US job cuts hit 16-month high in July

The number of announced job cuts in the US rose to a 16-month high in July, according to a report released Wednesday by the outplacement consultancy firm Challenger, Gray & Christmas. The total of 66,414 job cuts announced by private companies and government agencies was 60 percent higher than the number for June and 59 percent higher than the July 2010 figure.

Mass layoffs announced by five companies—the pharmaceutical giant Merck & Co. (15,000), the now defunct retail book store chain Borders (10,700), the computer peripherals firm Cisco Systems (6,500), the defense contractor Lockheed Martin (6,500) and the medical device-maker Boston Scientific (1,400)—accounted for 57 percent of the July total.

Goldman Sachs announced 1,000 job cuts as part of a growing wave of layoffs by financial corporations.

The resumption of large-scale downsizing by major corporations is yet another indication that the economic slump in the US is deepening, presaging jobless levels even higher than the current official rate of 9.2 percent. US corporations carried out a ruthless program of job-cutting at the height of the recession that followed the financial crash of September 2008, but for more than a year they have largely refrained from further layoffs. At the same time, despite holding huge amounts of cash accumulated by lowering costs and driving up profits, US corporations have largely refused to hire new workers.

Now, with growth rates sharply falling, companies are once again axing jobs in order to cut costs even further and place more pressure on their remaining employees to work harder for less money.

In July, for the first time in months, private-sector job cuts outpaced layoffs by state and local governments and nonprofit corporations. Government agencies, mostly at the sate and local level, announced plans to cut 9,389 jobs in July, while school districts and colleges and universities announced 1,914 job cuts.

John A. Challenger, CEO of Challenger, Gray & Christmas, said: “July marks the third consecutive increase we have seen in monthly job-cut announcements, which certainly seems to provide additional evidence that the recovery has stalled. What may be most worrisome about the July surge is that the heaviest layoffs occurred in industries that, until now, have enjoyed relatively low job-cut levels, including pharmaceuticals, computer and retail.”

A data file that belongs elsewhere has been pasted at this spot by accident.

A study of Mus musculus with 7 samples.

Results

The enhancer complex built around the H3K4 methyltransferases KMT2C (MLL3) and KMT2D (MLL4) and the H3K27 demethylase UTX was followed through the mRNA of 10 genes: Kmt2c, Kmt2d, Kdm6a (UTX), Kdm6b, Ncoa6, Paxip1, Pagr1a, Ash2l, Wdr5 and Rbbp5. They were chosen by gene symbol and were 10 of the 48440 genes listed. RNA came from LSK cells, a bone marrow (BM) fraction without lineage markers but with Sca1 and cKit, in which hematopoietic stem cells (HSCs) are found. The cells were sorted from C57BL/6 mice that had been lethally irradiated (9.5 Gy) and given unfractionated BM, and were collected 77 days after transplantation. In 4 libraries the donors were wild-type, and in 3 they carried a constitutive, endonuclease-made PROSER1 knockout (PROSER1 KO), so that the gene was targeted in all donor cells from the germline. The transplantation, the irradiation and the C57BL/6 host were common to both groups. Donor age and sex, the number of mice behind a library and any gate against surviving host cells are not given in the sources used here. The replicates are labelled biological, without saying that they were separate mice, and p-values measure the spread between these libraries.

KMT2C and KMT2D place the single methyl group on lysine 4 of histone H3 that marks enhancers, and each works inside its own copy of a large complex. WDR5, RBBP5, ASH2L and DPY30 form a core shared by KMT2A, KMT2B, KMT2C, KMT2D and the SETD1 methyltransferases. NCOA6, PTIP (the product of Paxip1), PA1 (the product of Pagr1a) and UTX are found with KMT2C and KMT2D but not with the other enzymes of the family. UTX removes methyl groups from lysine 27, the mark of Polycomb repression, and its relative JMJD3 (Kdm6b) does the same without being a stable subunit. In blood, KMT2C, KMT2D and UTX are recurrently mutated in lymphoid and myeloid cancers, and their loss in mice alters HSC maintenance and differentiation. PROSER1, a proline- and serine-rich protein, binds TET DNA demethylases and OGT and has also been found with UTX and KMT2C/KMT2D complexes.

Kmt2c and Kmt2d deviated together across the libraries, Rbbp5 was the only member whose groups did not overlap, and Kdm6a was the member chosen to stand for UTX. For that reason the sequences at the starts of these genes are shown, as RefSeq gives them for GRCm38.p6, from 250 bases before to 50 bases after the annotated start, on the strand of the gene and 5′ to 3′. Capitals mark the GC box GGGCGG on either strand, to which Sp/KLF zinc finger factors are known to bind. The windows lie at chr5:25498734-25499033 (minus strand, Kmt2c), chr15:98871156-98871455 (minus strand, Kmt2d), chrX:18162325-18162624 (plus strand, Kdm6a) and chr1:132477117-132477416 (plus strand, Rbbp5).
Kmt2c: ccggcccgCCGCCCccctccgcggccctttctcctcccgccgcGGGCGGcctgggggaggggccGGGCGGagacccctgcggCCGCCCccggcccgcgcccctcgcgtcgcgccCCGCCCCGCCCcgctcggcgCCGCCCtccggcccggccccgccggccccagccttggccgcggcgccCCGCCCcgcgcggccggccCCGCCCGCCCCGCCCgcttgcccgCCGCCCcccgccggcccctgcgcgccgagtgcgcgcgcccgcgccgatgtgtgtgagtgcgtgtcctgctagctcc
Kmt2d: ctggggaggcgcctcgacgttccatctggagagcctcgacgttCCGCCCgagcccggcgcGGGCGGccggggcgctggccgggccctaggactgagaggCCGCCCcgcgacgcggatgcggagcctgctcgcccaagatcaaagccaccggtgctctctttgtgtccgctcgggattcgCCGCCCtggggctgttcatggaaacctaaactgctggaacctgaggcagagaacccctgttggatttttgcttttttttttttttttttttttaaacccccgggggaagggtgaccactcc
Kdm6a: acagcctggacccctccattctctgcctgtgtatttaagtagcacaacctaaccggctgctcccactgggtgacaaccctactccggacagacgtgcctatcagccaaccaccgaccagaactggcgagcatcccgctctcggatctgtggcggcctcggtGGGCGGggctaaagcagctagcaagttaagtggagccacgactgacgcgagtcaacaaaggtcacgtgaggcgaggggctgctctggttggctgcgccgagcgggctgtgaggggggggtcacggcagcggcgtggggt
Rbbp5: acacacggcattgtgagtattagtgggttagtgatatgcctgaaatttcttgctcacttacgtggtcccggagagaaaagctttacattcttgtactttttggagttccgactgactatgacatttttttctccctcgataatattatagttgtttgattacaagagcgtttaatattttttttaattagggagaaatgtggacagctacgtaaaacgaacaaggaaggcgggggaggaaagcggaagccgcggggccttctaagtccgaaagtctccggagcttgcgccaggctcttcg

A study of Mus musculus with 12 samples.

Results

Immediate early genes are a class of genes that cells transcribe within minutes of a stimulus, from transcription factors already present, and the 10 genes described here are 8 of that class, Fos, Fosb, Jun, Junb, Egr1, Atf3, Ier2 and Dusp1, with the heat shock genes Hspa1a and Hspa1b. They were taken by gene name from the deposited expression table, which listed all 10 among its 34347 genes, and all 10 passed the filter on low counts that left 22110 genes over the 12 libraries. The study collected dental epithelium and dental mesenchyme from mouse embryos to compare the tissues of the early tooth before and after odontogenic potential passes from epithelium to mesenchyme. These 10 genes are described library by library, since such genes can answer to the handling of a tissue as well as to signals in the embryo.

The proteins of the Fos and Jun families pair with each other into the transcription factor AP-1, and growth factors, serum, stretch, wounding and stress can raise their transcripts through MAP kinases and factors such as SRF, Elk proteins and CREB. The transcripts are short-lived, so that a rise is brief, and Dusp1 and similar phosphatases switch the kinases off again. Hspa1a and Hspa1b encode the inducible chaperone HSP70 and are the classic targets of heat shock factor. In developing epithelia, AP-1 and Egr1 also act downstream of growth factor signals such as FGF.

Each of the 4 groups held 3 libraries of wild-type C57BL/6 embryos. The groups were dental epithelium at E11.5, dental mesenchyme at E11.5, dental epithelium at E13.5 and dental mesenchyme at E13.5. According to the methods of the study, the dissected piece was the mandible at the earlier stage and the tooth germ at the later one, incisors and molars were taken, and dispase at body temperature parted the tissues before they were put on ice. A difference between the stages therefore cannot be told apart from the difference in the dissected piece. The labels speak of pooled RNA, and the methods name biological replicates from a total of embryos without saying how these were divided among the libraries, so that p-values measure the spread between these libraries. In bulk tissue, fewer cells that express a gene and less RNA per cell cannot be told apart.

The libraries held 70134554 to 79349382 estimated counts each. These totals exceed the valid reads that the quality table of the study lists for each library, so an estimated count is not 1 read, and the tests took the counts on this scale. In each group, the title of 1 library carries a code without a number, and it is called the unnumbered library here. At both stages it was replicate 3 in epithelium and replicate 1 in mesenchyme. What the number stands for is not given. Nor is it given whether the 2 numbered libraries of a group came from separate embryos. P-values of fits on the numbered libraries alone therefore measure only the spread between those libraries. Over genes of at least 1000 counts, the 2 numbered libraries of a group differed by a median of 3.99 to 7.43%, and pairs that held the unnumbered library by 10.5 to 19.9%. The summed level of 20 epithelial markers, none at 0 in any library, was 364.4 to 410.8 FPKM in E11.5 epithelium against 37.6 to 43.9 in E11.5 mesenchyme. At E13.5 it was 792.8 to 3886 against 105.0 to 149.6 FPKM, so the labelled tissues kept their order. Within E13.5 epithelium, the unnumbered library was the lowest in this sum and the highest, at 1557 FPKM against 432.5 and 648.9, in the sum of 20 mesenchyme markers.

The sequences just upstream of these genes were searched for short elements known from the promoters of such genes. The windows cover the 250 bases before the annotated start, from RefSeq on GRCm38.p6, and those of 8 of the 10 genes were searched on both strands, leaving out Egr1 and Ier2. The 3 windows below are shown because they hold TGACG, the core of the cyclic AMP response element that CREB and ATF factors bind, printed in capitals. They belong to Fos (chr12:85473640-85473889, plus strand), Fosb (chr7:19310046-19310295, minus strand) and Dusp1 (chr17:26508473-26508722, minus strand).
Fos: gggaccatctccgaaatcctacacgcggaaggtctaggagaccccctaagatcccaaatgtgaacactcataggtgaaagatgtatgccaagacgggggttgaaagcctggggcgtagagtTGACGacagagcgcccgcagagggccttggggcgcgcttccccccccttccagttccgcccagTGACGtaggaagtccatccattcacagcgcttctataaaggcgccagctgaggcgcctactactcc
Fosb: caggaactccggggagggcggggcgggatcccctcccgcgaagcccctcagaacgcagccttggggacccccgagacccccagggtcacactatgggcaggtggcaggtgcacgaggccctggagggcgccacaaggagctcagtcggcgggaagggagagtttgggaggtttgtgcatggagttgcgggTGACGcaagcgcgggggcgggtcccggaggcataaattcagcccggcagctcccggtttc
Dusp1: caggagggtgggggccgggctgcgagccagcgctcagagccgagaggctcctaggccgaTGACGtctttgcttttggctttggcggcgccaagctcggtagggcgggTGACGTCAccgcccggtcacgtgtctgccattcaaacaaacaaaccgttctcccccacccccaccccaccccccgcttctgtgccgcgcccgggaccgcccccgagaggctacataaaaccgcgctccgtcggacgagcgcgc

Challenger added: “It is unclear how many US workers will ultimately be impacted by these global job-cutting efforts. However, weakness in the financial sector does not bode well for the rest of the economy. Nor does weakness in the manufacturing sector, which is reporting some of the slowest activity in months.”

The Challenger, Gray & Christmas report follows on the heels of reports showing a sharp slowdown in US manufacturing and consumer spending, and last week’s Commerce Department report that US gross domestic product (GDP) growth slowed to 1.3 percent in the second quarter. The same report revised downward the department’s estimate of first quarter growth from 1.9 percent to 0.4 percent.

A separate report issued Wednesday, the July survey of private-sector job growth by the payroll service firm ADP, showed a net increase in July of 114,000 jobs. That figure was considerably lower than ADP’s estimate for June of 145,000 jobs. The company reported an actual decline of 1,000 factory jobs during the month.

All of these figures are below the 150,000-175,000 new jobs economists believe must be generated every month just to keep pace with the normal growth in the labor force.

The World Socialist Web Site spoke with James Pedderson, the director of public relations for Challenger, Gray & Christmas, who acknowledged that the July job-cut figure pointed to an ominous worsening of the employment picture. “For the past 12 months or longer,” he said, “we haven’t seen this level of job-cut announcements coming from companies. They’ve been focused on retention and less on cost-cutting. They made all the big cuts they needed to make during the recession. They were holding steady, not doing any real hiring and not doing any more massive firing up until last month.”

Pedderson also noted that a large portion of the new jobs created over the past period have been part-time or low-paying positions. “There’s been a lot of part-time job growth and growth in low-paying industries,” he said. “We’ve seen a lot of growth in food services, leisure and entertainment. Summer resorts and retailers hired people, but some of those jobs are seasonal and will disappear.”

Asked about the impact of the budget cuts just signed into law by President Obama, he said, “The government is going to make all these spending cuts which are going to ultimately impact jobs, not only those within the government, but within any private companies that have contracts with government agencies. Less money will be flowing to the states to help them with things like road projects, so this is going to increase layoffs and slow hiring they might otherwise carry out for infrastructure projects.”